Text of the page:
Striving for operational excellence within process manufacturing can be grueling work. But even more so for chemical manufacturers, whose processes can span shifts, days, or weeks, requiring multiple handovers and the high potential for loss of valuable batch-wise history.
Part of the issue is a hesitancy of digitalization. Paper tracking is still common across the industry, especially in regulated processes, making it incredibly challenging to mine and analyze data for improvement opportunities. In addition, hiring and retaining operators who require considerable expertise is a perpetual challenge. And, as with all industries, reducing operating costs, improving time-to-market for new products, and manufacturability can become major hurdles for the chemical manufacturer.
Compounding these complexities is the sheer volume of chemicals that are manufactured annually. One estimate suggests there are over 350,000 chemicals and chemical mixtures in commercial use, including 85,000 that are considered toxic requiring additional regulatory and safety needs. Considering these interconnected and increasingly complex challenges, operational agility is hard to come by.
There is hope, however, with accessibility to exciting new digital innovations. Process Digital Twins and Predictive Quality tools are helping more chemical manufacturers stay on top of accelerating cost constraints and increased demand for innovation:
- Process Digital Twin: A virtual replica of the entire manufacturing process, which enables AI and simulation techniques that provide simulation and optimization.
- Predictive Quality: A branch of industrial machine learning data analytics that forecasts the quality or yield of a process step based on process conditions and material attributes.
Consider process manufacturing, which involves a series of steps (e.g., heating, mixing, pulverizing, etc.), to continuously transform the raw materials into a product. A Process Digital Twin describes and tracks the relationships of all process, setpoints and material variables in a centralized, human readable form. It often relies on multiple and converged IT and OT data sources to build the information model.
Variation in an upstream step can affect interim products and have a compounded negative effect on downstream steps and ultimately product quality. Accurately tracing fluid material flow in a continuous process is a key and complex aspect of a Process Digital Twin, requiring a combination of fluid dynamics and business rules. Since expert examination of material-process-human-method (a.k.a. “4M”) data can support computation, simulation, and mitigation of downstream affects, providing this Process Digital Twin information in real-time is foundational to any digital quality assurance program.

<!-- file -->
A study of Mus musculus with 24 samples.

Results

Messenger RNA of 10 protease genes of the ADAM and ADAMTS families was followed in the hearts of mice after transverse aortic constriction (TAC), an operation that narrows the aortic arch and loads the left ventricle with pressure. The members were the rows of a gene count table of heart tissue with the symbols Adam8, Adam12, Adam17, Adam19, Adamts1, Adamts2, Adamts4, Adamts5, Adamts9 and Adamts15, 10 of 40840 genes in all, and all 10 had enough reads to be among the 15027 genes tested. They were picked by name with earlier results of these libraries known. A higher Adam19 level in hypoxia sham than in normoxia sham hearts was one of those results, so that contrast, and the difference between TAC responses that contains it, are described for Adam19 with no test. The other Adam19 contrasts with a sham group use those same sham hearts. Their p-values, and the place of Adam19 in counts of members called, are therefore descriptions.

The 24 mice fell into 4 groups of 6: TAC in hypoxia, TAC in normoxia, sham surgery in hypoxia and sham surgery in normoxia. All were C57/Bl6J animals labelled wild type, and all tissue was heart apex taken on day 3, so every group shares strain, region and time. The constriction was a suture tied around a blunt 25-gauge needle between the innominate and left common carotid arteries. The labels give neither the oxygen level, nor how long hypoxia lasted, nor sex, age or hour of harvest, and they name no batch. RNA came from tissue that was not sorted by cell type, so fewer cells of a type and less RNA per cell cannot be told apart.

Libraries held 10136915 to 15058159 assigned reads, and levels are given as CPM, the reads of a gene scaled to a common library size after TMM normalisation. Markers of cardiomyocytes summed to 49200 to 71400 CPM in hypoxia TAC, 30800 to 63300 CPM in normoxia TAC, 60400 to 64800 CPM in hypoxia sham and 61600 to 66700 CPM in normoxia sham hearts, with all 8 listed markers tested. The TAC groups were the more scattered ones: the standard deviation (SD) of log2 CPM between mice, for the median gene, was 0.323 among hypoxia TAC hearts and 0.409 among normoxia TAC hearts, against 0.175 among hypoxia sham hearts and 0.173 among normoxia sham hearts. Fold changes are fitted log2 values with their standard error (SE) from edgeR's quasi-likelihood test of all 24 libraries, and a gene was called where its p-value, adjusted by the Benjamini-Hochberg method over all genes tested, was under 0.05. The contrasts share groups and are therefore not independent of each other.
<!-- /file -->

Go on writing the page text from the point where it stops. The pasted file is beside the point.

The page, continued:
In addition, Process Digital Twins can help organizations answer such questions as:
- Can a portion of the process complete more efficiently if run hotter or at higher pressure or at a higher speed?
- Can different or cheaper catalysts or solvents be used or added to the process to improve efficiently?
- Can existing manufacturing equipment be repurposed for new products? How would the recipe need to adapt?
Understanding the by-product effects of changes is equally important, and addressable with digital twin models. Micro adjustments to recipe or ingredients can have substantial impact on energy, material and human resources required to produce a product, but often at the risk of off-quality.
Predictive Quality is a key benefactor of a comprehensive Process Digital Twin. Typically, predictive quality relies on supervised learning approaches, where an algorithm is first trained with historical data to figure out correlations and patterns of inputs that caused an output (i.e., regression analysis); it then applies those patterns to predict the output dynamically, based on inputs in real-time (i.e., forecasting).
With Predictive Quality, the inputs will include recipe and machine setpoints, process variables, material properties, environmental conditions, and human factors. Despite the name, Predictive Quality is typically not predicting good or bad quality (i.e. “classifying”), rather its output is forecasting a critical to quality parameter value. Manufacturers can expect minimally a 5% reduction (a Hitachi benchmark) in cost of poor quality with the implementation of predictive quality solutions.
Recently, Hitachi Vantara partnered with a tire manufacturer who struggled with wasted batches of rubber – the first step in the tire manufacturing process. Per quality assurance procedure, completed batches of rubber after the mixing step are lab-tested for several critical product parameters, including a viscosity parameter. If the results are outside of specified tolerances the entire batch must be scrapped. With Predictive Quality, using several process parameters and raw material properties Hitachi and the manufacturer were accurately able to predict the viscosity of the batch in real-time with sufficient time for operators to intervene, and course correct, often saving the batch. Ultimately in this case, the tire company’s wastage in the mixing process was reduced by 30%. Downstream throughput and quality improvements were also measured due to consistency of input material.
While process manufacturers face continual pressures to be more efficient and innovate, the good news is that the process manufacturing industry is flush with brilliant engineers, process expertise and plenty of data. Hitachi Vantara offers decision support tools and analytics, along with industry-leading IT/OT system integration. Process manufacturers should look to realize benefit through applied digital technologies, starting with Process Digital Twin and Predictive Quality.